He’s been called the father of Shock Rock. His over-the-top theatrics and loud guitar marking the end of 1960s flower power. His band had huge success and in 1975, Alice Cooper went solo. He’s returning to New Zealand in February with his show ‘Ol’ Black Eyes is Back’.
In the Seventies he became a bona fide rock legend and carved out his own distinctive style: blending heavy metal stylings with the trappings of horror...think snakes, lashings of fake blood, leather trousers and heavy make up. And there was cocaine too: lots of cocaine. Today he’s a tee-totalling golfer and faithful christian. He joined Kim Hill to talk about his act and how Vincent Damon Furnier became Alice Cooper.
He says that while on tour he plays golf early in the morning every day. While people might find it amusing that the rock legend Alice Cooper plays golf, he says he’s not alone - and there’s a good reason for it.
“So do Bob Dylan and Iggy Pop. Lou Reed used to play golf. I can name you all the people you’d never expect to play golf who play golf.
“When you’re on tour and you’re doing all these cities; let’s say we’re in Wichita on a Tuesday and you’re there at 8am, you have all day to do nothing except sit in your hotel room. So, golf is something where at least you and your buddies can go out, it doesn’t matter how good you are, you go out and you play. It’s fun to get out of the hotel room.”
Though he acknowledges that there is something funny about it.
“Alice Cooper, the character on stage, he hates golf because he’s an entirely different character. Whereas, me, I love golf. But Alice really doesn’t like golf at all.”
He has said in the past that in the earlier days he tried to live the life of the character Alice Cooper, and it nearly killed him.
“When you’re trying to play an animated character, especially a character on stage that’s so specific as Alice, who is sort of an arrogant, condescending, villain - that’s just the opposite of who I am. In the old days, when I was drinking taking drugs - 38 years ago - I used to have to try to be that character.
“I was sitting there drinking with Jim Morrison, Jimmy Hendrix, and larger than life characters, and I just figured I’ve gotta be this Alice character in order to hang with these guys. It ended up they all died at age 27 trying to be their characters, and I learned from that.”
He decided it was the best to separate the two - Alice Cooper the character, and himself, Vincent.
“I made Alice somebody I look forward to playing that night on stage, but I don’t have to be him.”
He says it was a weird and difficult experience to separate himself from the persona, particularly because Alice was the one that got all the attention.
“At the time, everybody wanted to meet Alice and I didn’t want to be Alice all the time. It was really exhausting being Alice. Finally, it was a matter of necessity that I had to separate the two.”
He says that at time Alice was born, the genre needed a villain.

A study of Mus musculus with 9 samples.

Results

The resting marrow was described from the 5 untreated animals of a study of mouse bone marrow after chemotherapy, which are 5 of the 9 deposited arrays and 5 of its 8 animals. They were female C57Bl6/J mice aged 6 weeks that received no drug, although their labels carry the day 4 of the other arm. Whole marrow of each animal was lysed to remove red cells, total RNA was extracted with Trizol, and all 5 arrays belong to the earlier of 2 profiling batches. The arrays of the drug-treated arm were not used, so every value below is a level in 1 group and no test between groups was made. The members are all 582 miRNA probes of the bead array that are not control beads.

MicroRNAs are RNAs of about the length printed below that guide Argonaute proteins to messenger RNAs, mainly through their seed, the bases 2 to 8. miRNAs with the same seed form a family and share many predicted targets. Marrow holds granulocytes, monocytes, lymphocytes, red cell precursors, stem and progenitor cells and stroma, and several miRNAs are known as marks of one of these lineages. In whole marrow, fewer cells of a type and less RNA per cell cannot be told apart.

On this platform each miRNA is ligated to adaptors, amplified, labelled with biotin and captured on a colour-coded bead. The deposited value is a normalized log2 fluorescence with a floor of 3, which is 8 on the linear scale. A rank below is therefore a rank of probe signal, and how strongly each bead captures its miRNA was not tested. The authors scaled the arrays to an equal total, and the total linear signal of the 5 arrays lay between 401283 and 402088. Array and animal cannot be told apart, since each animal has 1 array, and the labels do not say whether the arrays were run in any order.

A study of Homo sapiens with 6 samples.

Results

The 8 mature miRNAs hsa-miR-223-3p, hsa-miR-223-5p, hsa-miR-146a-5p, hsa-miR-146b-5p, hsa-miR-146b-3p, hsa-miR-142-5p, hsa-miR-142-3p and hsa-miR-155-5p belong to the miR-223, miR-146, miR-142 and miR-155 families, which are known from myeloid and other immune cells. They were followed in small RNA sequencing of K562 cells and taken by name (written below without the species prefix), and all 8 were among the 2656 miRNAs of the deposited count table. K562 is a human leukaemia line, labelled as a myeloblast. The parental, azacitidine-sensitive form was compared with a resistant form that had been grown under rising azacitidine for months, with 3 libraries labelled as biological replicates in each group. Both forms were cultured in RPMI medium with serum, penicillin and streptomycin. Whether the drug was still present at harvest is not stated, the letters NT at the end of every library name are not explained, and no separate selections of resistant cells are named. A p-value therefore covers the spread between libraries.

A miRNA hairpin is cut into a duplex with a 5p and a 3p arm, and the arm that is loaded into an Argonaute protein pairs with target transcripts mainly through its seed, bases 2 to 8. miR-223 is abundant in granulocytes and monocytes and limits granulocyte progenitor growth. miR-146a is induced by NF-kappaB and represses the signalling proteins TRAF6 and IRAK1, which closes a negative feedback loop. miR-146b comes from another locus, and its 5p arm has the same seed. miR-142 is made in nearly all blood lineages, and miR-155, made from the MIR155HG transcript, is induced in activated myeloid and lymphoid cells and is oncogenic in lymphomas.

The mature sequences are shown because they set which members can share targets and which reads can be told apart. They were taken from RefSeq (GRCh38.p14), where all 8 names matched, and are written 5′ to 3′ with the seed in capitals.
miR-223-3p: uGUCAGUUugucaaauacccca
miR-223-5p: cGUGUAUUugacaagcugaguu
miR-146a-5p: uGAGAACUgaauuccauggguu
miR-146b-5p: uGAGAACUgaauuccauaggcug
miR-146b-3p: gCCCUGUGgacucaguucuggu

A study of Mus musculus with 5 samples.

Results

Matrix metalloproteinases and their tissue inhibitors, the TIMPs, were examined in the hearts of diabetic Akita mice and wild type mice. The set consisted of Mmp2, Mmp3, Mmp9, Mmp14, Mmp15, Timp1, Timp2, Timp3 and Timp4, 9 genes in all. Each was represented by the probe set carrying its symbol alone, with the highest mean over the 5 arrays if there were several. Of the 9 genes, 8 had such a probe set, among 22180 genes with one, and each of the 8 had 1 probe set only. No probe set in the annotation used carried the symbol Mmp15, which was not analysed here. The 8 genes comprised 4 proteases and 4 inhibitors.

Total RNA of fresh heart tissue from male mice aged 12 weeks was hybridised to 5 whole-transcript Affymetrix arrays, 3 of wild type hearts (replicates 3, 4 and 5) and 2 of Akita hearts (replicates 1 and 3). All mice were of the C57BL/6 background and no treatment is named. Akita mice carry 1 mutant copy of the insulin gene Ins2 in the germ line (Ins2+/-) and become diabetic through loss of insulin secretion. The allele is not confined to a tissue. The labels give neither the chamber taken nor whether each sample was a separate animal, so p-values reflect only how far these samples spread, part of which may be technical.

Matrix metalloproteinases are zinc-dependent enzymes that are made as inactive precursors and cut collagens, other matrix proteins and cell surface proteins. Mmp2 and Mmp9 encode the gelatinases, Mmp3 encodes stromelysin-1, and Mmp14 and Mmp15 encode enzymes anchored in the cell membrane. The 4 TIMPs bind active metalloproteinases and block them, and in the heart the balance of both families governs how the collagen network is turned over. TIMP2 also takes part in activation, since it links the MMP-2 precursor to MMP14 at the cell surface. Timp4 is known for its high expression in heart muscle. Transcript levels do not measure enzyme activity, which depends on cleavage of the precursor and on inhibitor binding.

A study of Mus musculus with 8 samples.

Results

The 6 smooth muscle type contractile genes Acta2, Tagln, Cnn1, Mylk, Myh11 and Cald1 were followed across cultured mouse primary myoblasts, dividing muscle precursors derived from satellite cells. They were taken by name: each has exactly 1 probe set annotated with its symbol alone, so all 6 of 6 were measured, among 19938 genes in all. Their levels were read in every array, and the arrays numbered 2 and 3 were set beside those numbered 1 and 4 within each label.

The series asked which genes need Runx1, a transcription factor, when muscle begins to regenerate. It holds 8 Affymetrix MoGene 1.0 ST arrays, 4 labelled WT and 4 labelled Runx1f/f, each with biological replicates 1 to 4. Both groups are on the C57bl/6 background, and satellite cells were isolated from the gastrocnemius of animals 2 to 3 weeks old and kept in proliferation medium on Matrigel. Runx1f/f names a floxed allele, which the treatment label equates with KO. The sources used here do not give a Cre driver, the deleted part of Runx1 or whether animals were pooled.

“We had all these heroes. We had The Beatles, we had The Rolling Stones, we had all these rock heroes - and they were my heroes - and I said ‘wait a minute, we’ve got all these Peter Pans and no Captain Hooks. I will gladly be rock’s villain and I will put a show around this villain and it’ll be scary, but it’ll be funny and sexy.’”
It was quite a turn for a man raised by a pastor and with an evangelist grandfather.
“When I turned 16, and the band started growing, it took me as far away as I could possibly get [from Christianity] and it almost killed me. I was leading the rock star’s life and probably should’ve been dead two or three times.
“When you’re partying, you’re always doing too much and you’re never stopping, never slowing down. I look at all my friends that died and I realise that was exactly their lifestyle.”
Getting sober helped bring him back toward his faith in God.
“I was really missing, and what I was really looking for, was my relationship back with Jesus Christ. The sobriety came first, but deep down I was trying to drink away and fill that hole with alcohol and drugs - the hole that was not being filled by my spiritual life.”
He was initially worried that by getting sober and turning towards God, he wouldn’t be able to play the Alice character anymore.
“I went to my pastor, who was a very cool guy, and said ‘I think I need to quit being Alice Cooper,’ and he says ‘why?’ I said, ‘well, the lifestyle and all that,’ and he says ‘that’s not your lifestyle anymore, is it? What’s wrong with Alice Cooper, he’s an actor, he’s a rock and roller. Do you think Satan has all the good music? Because I think God has better music. Do what you’re doing, I think God gave you this talent, he expects you to use it.’”
The pastor told him there was nothing wrong with rock and roll music, there was something wrong with the lifestyle around it.
And Alice Cooper lived the lifestyle hard. He says that when he got sober, people told him they were inspired. Others said they were embarrassed that he got sober while they didn’t.
Some parts of the Alice Cooper mythos outdid the actual character, however. He says that in the days before the internet, there was a lot of hearsay and rumour about what he got up to which never happened. In particular, he denies there was ever any element of Satan worship to his songs or stage show.
“People would just make things up that were so ridiculous and, by the time I heard it, I would just start laughing and say ‘are you kidding?’”
One of the funnier anecdotes he heard was that Alice Cooper had defecated on stage and someone else had eaten it.
“It was urban legend that just got totally out of control,” but it was also good publicity, “we never denied anything.”